Caves & Fear


Easter has always been my favorite holiday. I love the symbolism, of course, and why we celebrate. I love that Jesus died for me and that in doing so He saved me from myself and made it possible for me to live as I was intended and created to live. Let’s be honest, I also love candy and dying and hunting for eggs. I love getting dressed up for Easter Sunday church and tearing through an Easter basket. I love spring and the smell in the air. I love having a chocolate bunny in the freezer for a week to gnaw on whenever I want.

For whatever reason, Easter has also become the time when I am most aware of the spiritual realm. Most Easters have passed by in an unremarkable fashion. The Easter season comes, eggs and chocolate are consumed, I reflect a bit, write some, and the season passes, making way for full swing springtime. One Easter season, however, was a bit different. I was in high school – I don’t remember what grade or age specifically – and it was Easter. I don’t know where my family was, but I was alone in my bedroom on my bed. I might have been napping or watching TV or in a sugar-induced coma. My memory is not great in general, but on this occasion my memory starts with me lying on my bed sobbing in fear.

I remember lying there, crying uncontrollably, and just being afraid. I remember feeling like things were swirling all around me in the air. When I think back on it now I look down on myself in my dark basement bedroom, curled up in the fetal position and crying on my bed, and I see formless black spirits circling me in my room.

My grandma Susie has always given me small gifts on every holiday. She still manages to get some of these gifts to me even though we live in different countries and only get to see each other about once a year. That year Grandma Susie came over to give me my Easter gift while I was lying on my bed, crying in fear. I remember hearing her knock on the door and then opening it. I remember her calling out to me, but I don’t remember calling back. I remember her being in the bathroom that lead into my bedroom and hugging her, squeezing her so tight. I remember not being able to say anything, let alone verbalize what I was feeling or why I was crying. I remember her saying, “It’s okay. It’s okay.”

And that’s it. I don’t remember talking to her or thanking her or her leaving. I don’t remember the rest of the day. I remember, more than anything, the fear.


This year on the day before Easter my parents and I went on a boat tour to Los Haitises National Park in Samana. We rode a boat across Samana Bay and then got off at a little beach from which our guide led us into a very open cave. It was beautiful and so old and I loved thinking about all of the people who had been there before. From there he led us into a more traditional cave. There was a big entrance, but once we entered we were very much in a cave. I passed through the entrance and looked up at the huge stalactites/mites hanging down from the ceiling and immediately backed out into the open air.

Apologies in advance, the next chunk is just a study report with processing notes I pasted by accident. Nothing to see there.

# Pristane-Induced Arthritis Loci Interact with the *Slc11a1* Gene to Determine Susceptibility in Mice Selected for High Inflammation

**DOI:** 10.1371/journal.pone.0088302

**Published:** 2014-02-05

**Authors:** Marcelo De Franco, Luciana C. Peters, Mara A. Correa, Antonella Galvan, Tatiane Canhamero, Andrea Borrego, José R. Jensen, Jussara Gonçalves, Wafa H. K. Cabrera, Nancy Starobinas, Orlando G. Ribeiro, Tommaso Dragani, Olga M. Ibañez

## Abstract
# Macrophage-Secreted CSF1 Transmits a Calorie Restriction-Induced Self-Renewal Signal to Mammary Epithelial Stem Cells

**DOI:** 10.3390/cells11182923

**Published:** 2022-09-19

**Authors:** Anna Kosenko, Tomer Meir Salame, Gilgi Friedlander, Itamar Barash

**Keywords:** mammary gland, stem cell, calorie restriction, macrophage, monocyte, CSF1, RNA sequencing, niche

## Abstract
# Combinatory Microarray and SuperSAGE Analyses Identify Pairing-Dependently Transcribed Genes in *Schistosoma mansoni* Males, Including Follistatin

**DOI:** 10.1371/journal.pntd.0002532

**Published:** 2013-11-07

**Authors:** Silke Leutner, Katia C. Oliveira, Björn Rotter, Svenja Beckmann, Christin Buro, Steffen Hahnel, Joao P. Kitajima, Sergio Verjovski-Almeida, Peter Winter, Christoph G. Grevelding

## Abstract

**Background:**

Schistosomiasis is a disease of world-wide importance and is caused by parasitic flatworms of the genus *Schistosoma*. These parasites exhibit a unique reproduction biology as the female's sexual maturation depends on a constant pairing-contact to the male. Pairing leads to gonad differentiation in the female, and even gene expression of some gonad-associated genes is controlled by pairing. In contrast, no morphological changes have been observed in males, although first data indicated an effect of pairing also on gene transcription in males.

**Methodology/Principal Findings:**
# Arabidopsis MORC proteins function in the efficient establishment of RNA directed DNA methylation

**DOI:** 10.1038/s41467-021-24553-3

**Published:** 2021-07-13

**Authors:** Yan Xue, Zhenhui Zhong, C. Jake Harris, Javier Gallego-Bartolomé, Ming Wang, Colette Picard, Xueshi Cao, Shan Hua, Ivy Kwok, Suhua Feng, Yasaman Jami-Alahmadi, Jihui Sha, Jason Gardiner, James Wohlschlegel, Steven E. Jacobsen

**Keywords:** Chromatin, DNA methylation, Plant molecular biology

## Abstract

“I don’t like it,” I called to my mom from the cave entrance, my body filled with fear.

Later she asked if it was the enclosed space. I’m not sure. I couldn’t verbalize at the time why I felt afraid or anxious. At one point I was shaking my hands at my sides (what I call “flapping” – something that I do when I’m anxious) and at more than one point I was near tears. But I had no idea why I was afraid. The comparison that came to mind is when a child is afraid of something simply because, “it’s scary.” Those caves, and especially looking up and around at the different forms and shapes the rock had taken, was simply scary to me. And I didn’t like it.

I persevered because I was not in danger and I wasn’t so anxious or scared that I felt I was going to hyperventilate or pass out or anything and because I didn’t want to miss out on what turned out to be the bulk of the tour. The third and largest cave we came to was called Angel Gabriel. As soon as the guide told us the name of the cave God said to me, “I am even here.”

I looked around that giant cave and thought about how the hem of God’s robe overflowed the temple in the Old Testament. He is so big and so mighty and so much more powerful than whatever it was that was scaring me. Realizing that lifted the fear from my body.


The fear I felt in the caves was comparable to the fear I felt that Easter day so many years ago, although not nearly as strong. I believe I was in some small way experiencing the reality of the spiritual realm. There must have been something going on that day. I am so grateful that I am on the side of the victor. That death has been defeated. That nothing has ownership or control or power over me because my good God who loves me so much He died for me.